Saturday, 10 July 2021

Me and my moth

It's glowworm time again and a couple of rambles after dark have reassured us that the bright little lights are still there. Penny and I first discovered them here last year, as recorded on the blog at the time, and the hawk-eyed younger neighbour who helped us then reminded us the other day that it was time to have another look.

I found three on the first night at about 11.15pm and then a small group of us discovered another three a little earlier on the following evening. Most of them were at the roots of long grass mixed with nettles which made them pretty inaccessible and one was a way off on railway ballast. But the last we spotted was almost under our feet at the edge of a very well-used path. With the help of Penny winding vigorously on our clockwork torch, I managed to get the reasonable well-focussed picture of a glowing female, above. If anyone knows what her small companion is, I'd be grateful to be told. We think it's a wood louse, or Roly-Poly as the Americans call them, but maybe it has some glowworm connection.

The moths have been very good lately; this is their peak season, and some of my recent arrivals are shown above. Top left, we have my old favourite The Drinker, showing its strange, almost mammalian snout. To the right of it is one of my annual delights, a well-named Bordered Beauty whose wing fringe blends so well with the brown eggbox that the moth appears to end higher up.  Beside it is a Muslin Footman with its curiously blurred pattern of spots, a clever version of the optical 'dazzle' camouflage seen in many species, such as the standrad Peppered moth and the Black Arches.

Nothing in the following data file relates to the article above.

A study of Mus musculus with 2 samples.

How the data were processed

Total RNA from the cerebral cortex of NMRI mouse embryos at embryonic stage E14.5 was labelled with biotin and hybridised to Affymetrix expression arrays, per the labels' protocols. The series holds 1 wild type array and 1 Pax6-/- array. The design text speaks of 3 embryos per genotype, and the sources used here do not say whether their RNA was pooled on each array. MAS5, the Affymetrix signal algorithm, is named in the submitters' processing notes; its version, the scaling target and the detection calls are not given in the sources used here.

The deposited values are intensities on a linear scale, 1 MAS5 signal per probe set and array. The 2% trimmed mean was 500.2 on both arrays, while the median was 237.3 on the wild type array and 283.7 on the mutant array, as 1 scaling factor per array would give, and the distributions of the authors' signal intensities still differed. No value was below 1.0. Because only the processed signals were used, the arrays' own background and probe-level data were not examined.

The second line of pics shows an interesting new micro arrival, Ethmia dodecea, whose gradual advance from being a rarity in this region has been recorded on the invaluable Upper Thames Moths blog over the past few years. As recently as 2016, it had only been recorded in our region at a few sites in south west Bucks. It has a look of the common Ermine micros but many fewer and much larger spots. Beside it is a pretty little Least Carpet and then in the bottom row we have another aptly-named moth, the Beautiful Hook-tip and the shrimpish micro with a hefty name: Lozotaeniodes formosana

The delicate, rather ghostly Swallowtailed moth is a regular visitor at the moment, not just to the trap but in the house. I tried to usher this one outside after Penny found it in the loo, but after fluttering around a bit, it settled on the side of my nose. Thanks to the wonders of selfie mode, I can show this touching scene to you below.

I'm about to go out and examine today's trap, when my iPhone has powered up a little more and after the current light rain has stopped.  I have discovered a new way - below - to add to the impressive protection given in wet weather by Mr and Mrs Robinson's excellently-designed rain cap.